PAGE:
Brutal market for buyers: Home sales fall amid high rates, low inventory
Americans locked into lower mortgage rates have been increasingly unwilling to sell their homes. That didn't change last month: Existing home sales slumped further in July.
By the numbers: Sales of previously owned homes fell 2.2% in July to an annualized rate of 4.07 million units, according to new National Association of Realtors data — the slowest pace of sales in six months. Compared to July 2022, existing home sales are down 16.6%.
What they're saying: "Two factors are driving current sales activity – inventory availability and mortgage rates," Lawrence Yun, chief economist at the National Association of Realtors, said in a release. "Unfortunately, both have been unfavorable to buyers."
Between the lines: The sales data is based on contract closings, where contracts were signed in late spring or early summer.
- That means it doesn't reflect transaction activity since mortgage rates have surged higher: The average 30-year fixed-rate mortgage reached 7.48% on Monday, Mortgage News Daily said. That's the highest since late 2000.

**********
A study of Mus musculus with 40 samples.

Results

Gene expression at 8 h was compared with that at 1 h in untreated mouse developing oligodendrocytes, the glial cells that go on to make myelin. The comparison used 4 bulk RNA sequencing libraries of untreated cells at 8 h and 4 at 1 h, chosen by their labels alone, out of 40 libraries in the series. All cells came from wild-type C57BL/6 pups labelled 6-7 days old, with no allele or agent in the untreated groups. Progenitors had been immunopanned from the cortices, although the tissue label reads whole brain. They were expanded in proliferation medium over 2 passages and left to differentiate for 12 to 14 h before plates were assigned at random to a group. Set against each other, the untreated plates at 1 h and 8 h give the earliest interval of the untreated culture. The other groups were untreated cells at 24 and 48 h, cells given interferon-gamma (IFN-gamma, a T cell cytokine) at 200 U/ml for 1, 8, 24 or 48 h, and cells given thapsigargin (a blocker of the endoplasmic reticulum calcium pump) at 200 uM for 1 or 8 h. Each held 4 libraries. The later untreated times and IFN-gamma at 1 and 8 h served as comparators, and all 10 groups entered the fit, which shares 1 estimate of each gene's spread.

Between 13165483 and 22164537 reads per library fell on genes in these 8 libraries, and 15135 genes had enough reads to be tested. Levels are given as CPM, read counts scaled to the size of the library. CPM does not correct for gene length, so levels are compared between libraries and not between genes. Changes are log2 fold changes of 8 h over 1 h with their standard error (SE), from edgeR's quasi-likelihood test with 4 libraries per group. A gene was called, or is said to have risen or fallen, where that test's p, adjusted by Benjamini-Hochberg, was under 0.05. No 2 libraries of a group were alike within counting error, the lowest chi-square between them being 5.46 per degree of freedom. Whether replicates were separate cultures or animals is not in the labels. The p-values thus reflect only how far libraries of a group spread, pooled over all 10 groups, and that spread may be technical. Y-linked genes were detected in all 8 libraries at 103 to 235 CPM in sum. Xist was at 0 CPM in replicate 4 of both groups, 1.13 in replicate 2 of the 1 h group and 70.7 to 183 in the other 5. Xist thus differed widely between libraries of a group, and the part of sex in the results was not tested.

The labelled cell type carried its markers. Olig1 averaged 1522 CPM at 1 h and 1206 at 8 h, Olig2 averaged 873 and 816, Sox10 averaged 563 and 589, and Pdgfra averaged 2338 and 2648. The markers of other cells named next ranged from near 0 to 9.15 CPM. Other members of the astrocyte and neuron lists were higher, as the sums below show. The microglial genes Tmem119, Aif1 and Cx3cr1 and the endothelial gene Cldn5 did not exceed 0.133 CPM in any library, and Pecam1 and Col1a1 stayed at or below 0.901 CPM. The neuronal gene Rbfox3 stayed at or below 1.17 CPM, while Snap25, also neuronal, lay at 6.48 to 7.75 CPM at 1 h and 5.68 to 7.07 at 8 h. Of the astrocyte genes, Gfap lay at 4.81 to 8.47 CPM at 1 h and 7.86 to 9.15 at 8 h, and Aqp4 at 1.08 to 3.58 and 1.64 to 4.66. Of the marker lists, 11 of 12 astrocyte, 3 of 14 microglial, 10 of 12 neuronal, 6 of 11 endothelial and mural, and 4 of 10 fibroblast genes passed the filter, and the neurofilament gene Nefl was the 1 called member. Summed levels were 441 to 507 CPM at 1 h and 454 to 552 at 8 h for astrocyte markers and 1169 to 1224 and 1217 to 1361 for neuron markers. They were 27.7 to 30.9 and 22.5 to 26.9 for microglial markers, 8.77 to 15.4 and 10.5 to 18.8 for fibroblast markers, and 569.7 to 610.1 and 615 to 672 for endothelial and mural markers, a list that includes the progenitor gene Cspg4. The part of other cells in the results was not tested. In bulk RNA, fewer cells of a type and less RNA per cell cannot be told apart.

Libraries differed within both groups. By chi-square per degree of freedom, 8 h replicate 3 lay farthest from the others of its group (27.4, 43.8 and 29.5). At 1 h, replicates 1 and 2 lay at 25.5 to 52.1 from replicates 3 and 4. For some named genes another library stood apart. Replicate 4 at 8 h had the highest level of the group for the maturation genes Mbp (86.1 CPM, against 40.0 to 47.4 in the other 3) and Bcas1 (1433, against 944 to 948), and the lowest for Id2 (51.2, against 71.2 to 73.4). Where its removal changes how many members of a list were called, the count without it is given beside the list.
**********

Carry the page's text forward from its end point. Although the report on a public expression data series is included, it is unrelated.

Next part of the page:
- "The average 30-year mortgage rate increased notably in July and has seen further increases so far in August, signaling likely slower sales ahead," Sam Millette, fixed income director at the Commonwealth Financial Network, wrote in a note.
What to watch: Previously owned homes continue to be in short supply — putting upward pressure on prices.
- As of July, there was a little over three months' worth of supply available. That ticked a bit higher than June, but remains below the four months of supply available in the same period in 2019, before the pandemic.
- The result is less affordability: The median price for an existing home in July was $406,700, nearly 2% higher than the same month in 2022.